The proposal has garnered more than 1,000 signatures on an online petition. The lights would cost about $600,000, according to supporters Tony Franceschini, a San Marin parent, and Dennis Mancuso, president of San Marin Football and Cheer.
“We are talking about an eight-pole system instead of the standard four-pole design. This allows for more concentrated light and eliminates light wash and ‘head light’ glare significantly,” Franceschini said. “The glare will be minimal. We will put in a PA system that will be top of the line” to minimize sound carryover, he said.
Franceschini and Mancuso are part of a group of about 10 families working to get the lights installed.
With soccer now a winter sport, “sometimes soccer can’t finish their games” because the playing field gets dark, Franceschini said.
“(The school has) too many teams. You are trying to load up all these games on one turf field,” and extending the hours of the field by lighting it would help solve the problem, Franceschini said.
“There’s very good reasons why San Marin would like to have lights,” said Jim Hogeboom, superintendent of the Novato Unified School District. “Not only is it needed for Friday night football games, but just as important is our practice time for lacrosse and soccer teams.”
Franceschini’s group held a community meeting on Jan. 27. About 30 people showed up, he said.
Michael Joly, a 34-year resident of the neighborhood who opposes the project, attended the meeting. Joly is concerned about noise from the games and what he believes is a distinct possibility that the school would rent out the field for adult sports.
“I’m a few hundred feet from where the lights are proposed,” Joly said. “I can hear the football kids in my yard.” He said he is an avid gardener, and he often hears noise from the playing field when he is in his yard.
“I can hear the kids practicing from 3 p.m. to 5 p.m. It’s just what you accept as a neighbor to a high school. You want the kids to have fun. That’s not a problem.
“The weekends are when the youth teams take over and that’s when the announcing can be pretty loud,” Joly said.
“It’s not every weekend. But it’s still disturbing. I’ve actually gone into my house saying I need a break from this and heard it in the house,” Joly said.
In response, Hogeboom said: “Just as one possible scenario, if the lights are installed, San Marin football could move to Friday nights because they could play at night. Then, San Marin youth football could use the field Saturday instead of Sunday, and there would be no use of the PA system at all on Sunday. That’s just one way we could work with the community.”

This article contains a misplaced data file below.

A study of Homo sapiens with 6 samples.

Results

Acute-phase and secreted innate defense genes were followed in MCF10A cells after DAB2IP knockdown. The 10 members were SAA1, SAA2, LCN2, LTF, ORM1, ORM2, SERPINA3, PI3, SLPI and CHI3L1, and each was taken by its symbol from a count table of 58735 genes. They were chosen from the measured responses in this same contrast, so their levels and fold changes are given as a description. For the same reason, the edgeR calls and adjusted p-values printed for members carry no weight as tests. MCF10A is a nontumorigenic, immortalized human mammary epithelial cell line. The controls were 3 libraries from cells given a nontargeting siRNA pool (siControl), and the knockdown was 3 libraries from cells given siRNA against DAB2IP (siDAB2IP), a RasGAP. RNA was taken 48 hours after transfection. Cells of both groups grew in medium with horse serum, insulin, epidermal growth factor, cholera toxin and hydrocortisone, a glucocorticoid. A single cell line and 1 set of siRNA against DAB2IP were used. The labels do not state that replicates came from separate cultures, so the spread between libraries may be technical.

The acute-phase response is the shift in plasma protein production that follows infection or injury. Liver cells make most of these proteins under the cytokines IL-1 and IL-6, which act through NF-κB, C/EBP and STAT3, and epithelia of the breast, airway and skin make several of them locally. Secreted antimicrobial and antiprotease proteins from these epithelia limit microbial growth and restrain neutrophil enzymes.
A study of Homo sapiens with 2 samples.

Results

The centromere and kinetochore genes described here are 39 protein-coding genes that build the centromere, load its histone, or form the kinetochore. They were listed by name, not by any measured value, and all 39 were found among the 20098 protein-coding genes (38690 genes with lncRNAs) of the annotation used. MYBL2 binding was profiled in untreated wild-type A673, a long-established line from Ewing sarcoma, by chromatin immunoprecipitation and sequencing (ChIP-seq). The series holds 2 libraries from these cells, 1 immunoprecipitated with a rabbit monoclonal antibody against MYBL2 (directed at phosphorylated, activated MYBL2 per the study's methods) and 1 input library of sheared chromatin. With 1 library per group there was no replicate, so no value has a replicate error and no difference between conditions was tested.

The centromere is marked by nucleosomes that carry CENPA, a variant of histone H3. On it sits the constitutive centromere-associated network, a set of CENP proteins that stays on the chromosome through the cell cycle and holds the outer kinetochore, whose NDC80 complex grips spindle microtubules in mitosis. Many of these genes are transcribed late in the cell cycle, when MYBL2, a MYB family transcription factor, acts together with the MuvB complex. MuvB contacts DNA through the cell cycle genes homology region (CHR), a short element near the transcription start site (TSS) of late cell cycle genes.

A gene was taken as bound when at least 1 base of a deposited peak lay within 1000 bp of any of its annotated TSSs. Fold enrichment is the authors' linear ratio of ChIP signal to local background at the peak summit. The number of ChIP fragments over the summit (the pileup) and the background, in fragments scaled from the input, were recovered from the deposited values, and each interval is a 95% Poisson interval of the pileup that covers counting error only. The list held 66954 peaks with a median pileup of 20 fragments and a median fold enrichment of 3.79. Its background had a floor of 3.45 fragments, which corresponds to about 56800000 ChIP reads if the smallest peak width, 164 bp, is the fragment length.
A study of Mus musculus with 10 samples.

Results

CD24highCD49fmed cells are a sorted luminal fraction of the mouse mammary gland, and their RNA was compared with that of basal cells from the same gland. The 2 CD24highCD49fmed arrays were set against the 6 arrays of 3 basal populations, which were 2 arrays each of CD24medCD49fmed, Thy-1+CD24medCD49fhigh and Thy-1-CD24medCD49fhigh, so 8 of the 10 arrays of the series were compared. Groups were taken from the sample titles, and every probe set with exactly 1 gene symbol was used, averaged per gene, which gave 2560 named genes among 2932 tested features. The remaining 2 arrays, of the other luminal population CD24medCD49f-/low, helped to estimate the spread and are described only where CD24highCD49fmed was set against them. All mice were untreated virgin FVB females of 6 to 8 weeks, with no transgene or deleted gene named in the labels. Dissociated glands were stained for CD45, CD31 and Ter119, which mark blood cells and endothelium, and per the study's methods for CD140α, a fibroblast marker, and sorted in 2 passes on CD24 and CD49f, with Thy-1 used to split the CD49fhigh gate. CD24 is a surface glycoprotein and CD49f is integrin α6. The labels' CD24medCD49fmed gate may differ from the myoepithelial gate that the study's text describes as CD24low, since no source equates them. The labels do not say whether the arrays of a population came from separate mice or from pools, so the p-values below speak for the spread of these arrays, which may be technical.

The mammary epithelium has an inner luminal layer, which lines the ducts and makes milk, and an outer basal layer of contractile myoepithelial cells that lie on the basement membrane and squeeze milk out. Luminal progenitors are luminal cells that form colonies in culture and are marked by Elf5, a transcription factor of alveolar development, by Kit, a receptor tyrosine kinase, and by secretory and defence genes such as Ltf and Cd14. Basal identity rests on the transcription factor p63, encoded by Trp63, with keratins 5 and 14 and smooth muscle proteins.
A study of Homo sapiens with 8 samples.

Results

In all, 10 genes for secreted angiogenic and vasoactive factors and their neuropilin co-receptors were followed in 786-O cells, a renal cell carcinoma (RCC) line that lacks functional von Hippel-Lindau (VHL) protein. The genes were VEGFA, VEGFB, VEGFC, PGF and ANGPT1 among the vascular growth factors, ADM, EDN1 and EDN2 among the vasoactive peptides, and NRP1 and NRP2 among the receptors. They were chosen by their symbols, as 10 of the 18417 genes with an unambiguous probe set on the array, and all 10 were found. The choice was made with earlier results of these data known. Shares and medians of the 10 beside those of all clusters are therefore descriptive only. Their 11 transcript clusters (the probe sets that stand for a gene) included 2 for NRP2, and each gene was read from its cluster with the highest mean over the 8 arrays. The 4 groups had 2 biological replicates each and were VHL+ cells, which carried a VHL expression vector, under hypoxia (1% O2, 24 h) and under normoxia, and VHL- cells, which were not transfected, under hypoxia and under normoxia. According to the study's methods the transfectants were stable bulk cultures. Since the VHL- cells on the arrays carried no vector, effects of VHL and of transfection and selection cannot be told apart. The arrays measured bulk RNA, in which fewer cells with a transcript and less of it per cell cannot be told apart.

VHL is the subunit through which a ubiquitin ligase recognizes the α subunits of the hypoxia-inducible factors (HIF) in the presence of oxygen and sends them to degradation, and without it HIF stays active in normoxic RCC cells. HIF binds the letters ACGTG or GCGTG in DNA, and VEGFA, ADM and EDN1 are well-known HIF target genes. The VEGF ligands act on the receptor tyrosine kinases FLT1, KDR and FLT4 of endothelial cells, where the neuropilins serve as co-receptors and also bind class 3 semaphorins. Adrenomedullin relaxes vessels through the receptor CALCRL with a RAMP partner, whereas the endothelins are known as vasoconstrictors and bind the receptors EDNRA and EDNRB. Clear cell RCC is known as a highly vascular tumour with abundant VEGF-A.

Franceschini said, “Currently the speakers for the PA sit at the roof level of the two-story announcer’s booth, which allows the sound to carry.
“The new system will have speakers closer to the ground and closer to the bleachers for more direct sound, allowing the system to be run at a lower setting. The district will be held to a strict sound decibel level appearing in the district administration regulations. These regulations are created during the CEQA process, based on feedback from the community,” Franceschini said.
Joly, who said he didn’t know how many neighbors oppose the proposal, said, “How about when the lights get left on? Who do we call if we have a complaint?”
Hogeboom said, “We have met with the neighbors to discuss this, and we would be sure there is a key administrator contact for the neighbors with an after-hours number.”
Joly said he worried attempts would be made to “commercialize it.”
District officials said adult leagues would not be permitted at night.
“The lights will not be used for adult sports,” Franceschini said. “The field will not be rented out. The entire purpose is for the students at San Marin High.”
There are three high school campuses with lighting in Marin County: San Rafael High School, Tomales High School and San Marin, which has a lighted softball field.
It’s not for lack of trying. In 2009, a proposal was on the table to install lights at both San Marin and Novato high schools. At that time, the installations would have cost $400,000 for each field, $200,000 less than the present cost.
Then, as now, the athletic boosters’ proposal met with opposition from neighbors.
“It’ll be in constant use, and that’s not fair to the people who have houses nearby. If they had lights, they’d want them on seven days a week,” Virginia Huss, a neighbor of Novato High, said at the time.
“We seem to be caught in the political crossfire,” said Greg Mack, then-athletic director for Novato Youth Football.
Neither of the two proposals came to fruition.
Another proposal for night lighting on an athletic field has been made at Marin Catholic High School.
The high school is applying for a county permit to install night lighting on four 80-foot poles on the 10-yard line at each side of the field. Some neighbors say the plan would disrupt the character of the community with night lights, night noise and night traffic.
In an emotional meeting in late January, an advisory board deemed the proposal incomplete and recommended further study.
SCHOOL BOARD REVIEW
As for the San Marin lights, the next step is for the Novato school board to consider whether to do an environmental impact report to help decide whether to pursue the lights. The board will likely take up that question in April.
“There is improved technology for lights today. The circumstances are different,” said school board member Ross Millerick. “It’s worth being looked at. This is a time for an environmental impact study. It’s not a decision, it’s a fact-collecting exercise.”
Hogeboom said, “As usual, the district is trying to balance the needs of practice space, sports and students with our community needs.”